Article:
Trudeau-Trump Washington meeting helps end Canada’s global loneliness
Trudeau and Trump found a new simpatico over their shared desire to see USMCA fully ratified
WASHINGTON—Canada suddenly became a little less lonely in the world after Prime Minister Justin Trudeau’s meeting in Washington with President Donald Trump this week.
Trudeau and Trump found a new simpatico over their shared desire to see the new North American trade deal fully ratified. Trudeau pushed the deal with Trump’s Democratic opponents in Congress, who want to see a major toughening of the labour enforcement provisions of the United States-Mexico-Canada Agreement.
While Trudeau was cagey on exactly how Trump would do to help free Michael Savoir and Michael Kovrig, the two Canadians imprisoned in China, when he meets China’s President Xi Jinping at next week’s G20 leaders’ summit in Japan, it was clear the president was happy to help. The two Canadians have been languishing behind bars in China since shortly after Canada arrested high tech executive Meng Wanzhou in December in response of a U.S. extradition request.
Canada has been caught in the crossfire of the China-U.S. trade war after it tried to do the right thing by arresting Meng as per its extradition treaty with the U.S.
If Xi doesn’t want to talk to Trudeau, Trump said he would: “I’ll represent him well, I will tell you.”
It was a sea change from Trump’s dumpster fire of a visit to Canada a little over a year ago to the G7 summit in Quebec where he insulted Trudeau over Twitter. And it marked a return to the traditional Canada-U.S. dynamic: friends and allies who have the others’ back.
Moving forward, it has real ramifications for Canada’s standing on the world stage and it gave Trudeau a much-needed jolt domestically as he heads into an October federal election.
Both leaders are working to ratify USMCA, but Trump faces still opposition among some Congressional Democrats. But as he extolled the benefits of the deal, Trump was unusually conciliatory towards his country’s two neighbours—countries he regularly disparaged during the acrimonious renegotiation of the North American Free Trade Agreement.
“This means a lot of jobs for our country; a lot of wealth for all three countries. And we’re really competing against the world. You know, we’re not competing with each other so much,” Trump said sitting next to Trudeau in the Oval Office.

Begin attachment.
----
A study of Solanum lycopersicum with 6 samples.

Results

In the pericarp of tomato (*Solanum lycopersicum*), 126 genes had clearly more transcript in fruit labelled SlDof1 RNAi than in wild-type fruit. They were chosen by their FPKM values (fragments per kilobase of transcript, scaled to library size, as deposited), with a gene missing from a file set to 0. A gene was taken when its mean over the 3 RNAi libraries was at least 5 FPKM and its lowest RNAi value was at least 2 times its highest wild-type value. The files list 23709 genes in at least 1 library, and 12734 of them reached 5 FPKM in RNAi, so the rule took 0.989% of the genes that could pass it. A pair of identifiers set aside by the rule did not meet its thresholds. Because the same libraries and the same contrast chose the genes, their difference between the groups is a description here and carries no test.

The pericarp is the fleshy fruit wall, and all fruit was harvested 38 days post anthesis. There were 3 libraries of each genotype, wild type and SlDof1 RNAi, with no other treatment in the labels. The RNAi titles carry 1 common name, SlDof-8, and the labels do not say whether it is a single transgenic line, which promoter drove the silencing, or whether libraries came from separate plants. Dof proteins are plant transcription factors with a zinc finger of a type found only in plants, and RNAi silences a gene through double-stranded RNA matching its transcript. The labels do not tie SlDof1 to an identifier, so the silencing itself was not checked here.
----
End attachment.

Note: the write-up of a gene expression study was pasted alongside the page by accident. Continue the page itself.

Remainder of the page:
“We’re competing against big sections of the world, including Asia and including other areas.”
Trump’s declaration of solidarity amounted to “mission accomplished” for Trudeau in Washington, said Dan Ujczo, a cross-border expert with the Ohio law firm Dickinson Wright.
“The focus was on common cause issues between Canada and the United States—confronting China, the intertwined trading relationship, and shared culture with the Toronto Raptors—as opposed to the dispute-centric focus that has dominated these meetings over recent years,” said Ujczo.
“When President Trump starts talking about Canada, the U.S. and North America against the world, it is a good day for the continent. Let us hope it lasts.”
Scotty Greenwood, the chief executive of the Washington-based Canadian American Business Council, said the American path to ratifying USCMA in Congress will likely be part of a “grand bargain” between Republicans and Democrats _ one she suggested that Trudeau could be useful with, notwithstanding his stated desire Thursday to stay out of internal U.S. politics.
“The Liberals in Canada are philosophically aligned with the Democrats in the United States,” said Greenwood, who was also a U.S. diplomat in Ottawa when Bill Clinton was president. “So if Canadian Liberals can see their way clear to a deal, one would hope that the same sort of arguments that caused them to get over their initial concerns would be persuasive with Democrats in the Congress.”
The visit also underscored the shared security partnership the U.S. and Canada share across the globe.
Trudeau was immediately enmeshed in the latest escalation in U.S.-Iran tensions when news of Iran’s Revolutionary Guard shooting down a U.S. surveillance drone broke hours before he was to meet Trump.
Trudeau noted how Canadian soldiers are in nearby Iraq as part of a NATO effort to train the country’s military forces.
“We look forward to discussing with our closest ally their perspectives on this and how we can move forward as an international community.”
Trump showed he was willing to draw Trudeau into broader international security discussion when the president was asked whether he was concerned some members of his administration might be trying to push him into a conflict with Iran. It came when he riffed about his desire to withdraw American forces from Afghanistan and Syria.
“We beat the caliphate. We took back 100% of the caliphate. When it was 99%, Justin, I said, ‘We’re going to get out. We’re going to start peeling back,”’ Trump said.
But some are wary that Trump hasn’t really changed, and they question whether he could turn on Trudeau again.
“All smiles, I dare say, until the next presidential Twitter burst,” said Fen Hampson, a global security expert with Carleton University’s Norman Paterson School of International Affairs.
Trump is a counting in Trudeau “to deliver Speaker Pelosi and the Democrats to ratify USMCA before the presidential election.” And his comments on Thursday for a potential snap back on steel and aluminum tariffs was not reassuring, said Hampson.
“And though he says he will provide running interference with the Chinese on Canadian detainees and Trudeau’s desire to meet with Xi at the G20 summit, the only way that issue is going to be resolved is if the Americans drop their criminal charges against Meng Wanzhou.”